Establishing Factors Controlling Heart Valve Development for Improved Heart Valve Tissue Engineering

About 2.5% of the US population has valvular heart disease, treatment of which often requires replacement of the heart valve with a mechanical or bioprosthetic valve. Neither option is ideal, as mechanical heart valves require lifelong anticoagulation therapy and bioprosthetic valves lack durability. These prosthetic heart valves also fail to parallel structure-function relationships of native heart valves. The clinical need for another treatment option is especially great for pediatric patients who require a replacement heart valve that is able to grow with them. For this reason, the development of a tissue engineered heart valve able to integrate with and respond to its environment would have a big clinical impact. To create such a valve, it is necessary to further existing knowledge about the development of healthy and diseased heart valves.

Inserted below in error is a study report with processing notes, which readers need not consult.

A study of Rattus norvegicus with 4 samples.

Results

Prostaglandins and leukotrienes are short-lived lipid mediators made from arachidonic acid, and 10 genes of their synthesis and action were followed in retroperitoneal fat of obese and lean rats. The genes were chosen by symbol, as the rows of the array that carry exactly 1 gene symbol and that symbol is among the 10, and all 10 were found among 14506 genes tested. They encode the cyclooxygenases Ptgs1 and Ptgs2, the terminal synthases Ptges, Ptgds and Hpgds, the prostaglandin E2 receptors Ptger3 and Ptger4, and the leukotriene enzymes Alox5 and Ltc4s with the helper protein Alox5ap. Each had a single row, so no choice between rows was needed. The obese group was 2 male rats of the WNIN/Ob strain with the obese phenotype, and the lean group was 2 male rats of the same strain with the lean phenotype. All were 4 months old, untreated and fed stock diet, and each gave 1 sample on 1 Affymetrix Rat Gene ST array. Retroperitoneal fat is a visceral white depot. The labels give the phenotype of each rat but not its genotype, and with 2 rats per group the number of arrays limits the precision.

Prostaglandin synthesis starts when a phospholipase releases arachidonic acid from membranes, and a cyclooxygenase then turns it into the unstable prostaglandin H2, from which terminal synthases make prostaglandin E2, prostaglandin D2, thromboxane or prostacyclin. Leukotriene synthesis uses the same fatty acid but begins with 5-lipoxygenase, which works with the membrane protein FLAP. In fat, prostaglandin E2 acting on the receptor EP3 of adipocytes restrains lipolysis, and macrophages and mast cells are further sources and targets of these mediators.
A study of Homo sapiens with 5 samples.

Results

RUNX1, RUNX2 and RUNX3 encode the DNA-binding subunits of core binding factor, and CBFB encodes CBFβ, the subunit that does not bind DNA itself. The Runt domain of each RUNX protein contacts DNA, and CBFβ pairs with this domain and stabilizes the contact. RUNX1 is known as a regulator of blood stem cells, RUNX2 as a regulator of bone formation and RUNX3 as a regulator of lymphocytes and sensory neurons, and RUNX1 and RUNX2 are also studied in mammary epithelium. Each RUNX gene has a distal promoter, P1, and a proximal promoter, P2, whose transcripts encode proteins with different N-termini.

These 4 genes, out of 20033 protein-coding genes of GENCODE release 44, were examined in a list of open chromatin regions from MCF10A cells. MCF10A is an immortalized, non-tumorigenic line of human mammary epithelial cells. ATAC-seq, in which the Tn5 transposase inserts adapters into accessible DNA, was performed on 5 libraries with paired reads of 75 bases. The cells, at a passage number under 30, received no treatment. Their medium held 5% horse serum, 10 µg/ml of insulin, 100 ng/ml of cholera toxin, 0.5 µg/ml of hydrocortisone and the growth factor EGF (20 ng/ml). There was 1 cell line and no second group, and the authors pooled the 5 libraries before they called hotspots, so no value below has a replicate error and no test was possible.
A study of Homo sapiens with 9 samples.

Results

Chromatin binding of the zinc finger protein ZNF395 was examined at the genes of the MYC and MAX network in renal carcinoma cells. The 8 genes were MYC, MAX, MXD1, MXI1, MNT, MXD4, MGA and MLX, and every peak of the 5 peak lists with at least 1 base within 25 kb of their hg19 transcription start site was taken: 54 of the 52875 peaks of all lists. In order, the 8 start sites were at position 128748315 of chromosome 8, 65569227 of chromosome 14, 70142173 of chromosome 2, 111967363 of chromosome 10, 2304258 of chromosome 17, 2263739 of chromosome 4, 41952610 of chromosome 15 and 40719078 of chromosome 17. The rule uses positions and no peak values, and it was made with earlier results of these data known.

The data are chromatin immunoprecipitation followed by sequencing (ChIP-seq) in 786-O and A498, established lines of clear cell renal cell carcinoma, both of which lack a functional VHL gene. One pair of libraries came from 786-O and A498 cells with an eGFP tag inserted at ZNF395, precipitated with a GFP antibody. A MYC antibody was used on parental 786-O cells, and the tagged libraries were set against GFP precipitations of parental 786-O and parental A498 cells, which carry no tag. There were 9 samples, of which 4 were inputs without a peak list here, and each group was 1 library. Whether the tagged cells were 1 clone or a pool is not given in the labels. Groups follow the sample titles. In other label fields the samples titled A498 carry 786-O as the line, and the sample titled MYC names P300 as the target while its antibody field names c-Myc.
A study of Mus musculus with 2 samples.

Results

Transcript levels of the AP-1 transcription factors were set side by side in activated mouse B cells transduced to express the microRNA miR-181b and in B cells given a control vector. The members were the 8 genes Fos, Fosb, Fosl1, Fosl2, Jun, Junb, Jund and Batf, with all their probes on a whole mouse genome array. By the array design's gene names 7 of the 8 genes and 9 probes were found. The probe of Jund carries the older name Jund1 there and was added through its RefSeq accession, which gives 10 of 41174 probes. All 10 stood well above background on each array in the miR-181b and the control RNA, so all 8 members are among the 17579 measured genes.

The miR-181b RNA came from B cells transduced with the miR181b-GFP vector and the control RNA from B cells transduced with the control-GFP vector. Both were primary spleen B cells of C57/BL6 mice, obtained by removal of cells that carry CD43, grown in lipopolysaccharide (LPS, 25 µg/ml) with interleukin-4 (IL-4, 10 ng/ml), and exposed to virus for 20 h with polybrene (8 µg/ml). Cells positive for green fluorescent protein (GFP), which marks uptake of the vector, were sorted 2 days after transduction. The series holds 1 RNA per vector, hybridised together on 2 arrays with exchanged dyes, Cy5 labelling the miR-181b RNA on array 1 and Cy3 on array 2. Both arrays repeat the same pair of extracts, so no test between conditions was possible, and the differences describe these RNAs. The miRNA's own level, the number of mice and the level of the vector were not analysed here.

To address this need, researchers at the Cardiovascular Regenerative Engineering Laboratory are working to determine the role of strain conditions and valvular cell health in the development of heart valves. Healthy and diseased valve cells will be seeded onto biocompatible polymer scaffolds and subjected to various cyclic strain conditions, following which, valve structure and mechanical properties will be examined. RNA sequencing will be employed to identify pathways that result in most favorable tissue formation with the goal of using this knowledge to engineer optimal valvular tissue in the future.

Schematic diagram showing the core tissue engineering approach for creating a living heart valve replacement, including valvular cells and polymer scaffold, valvular cells interlaced with polymer scaffold, and resultant heart valve.   
Fig: Schematic diagram showing the core tissue engineering approach for creating a living heart valve replacement.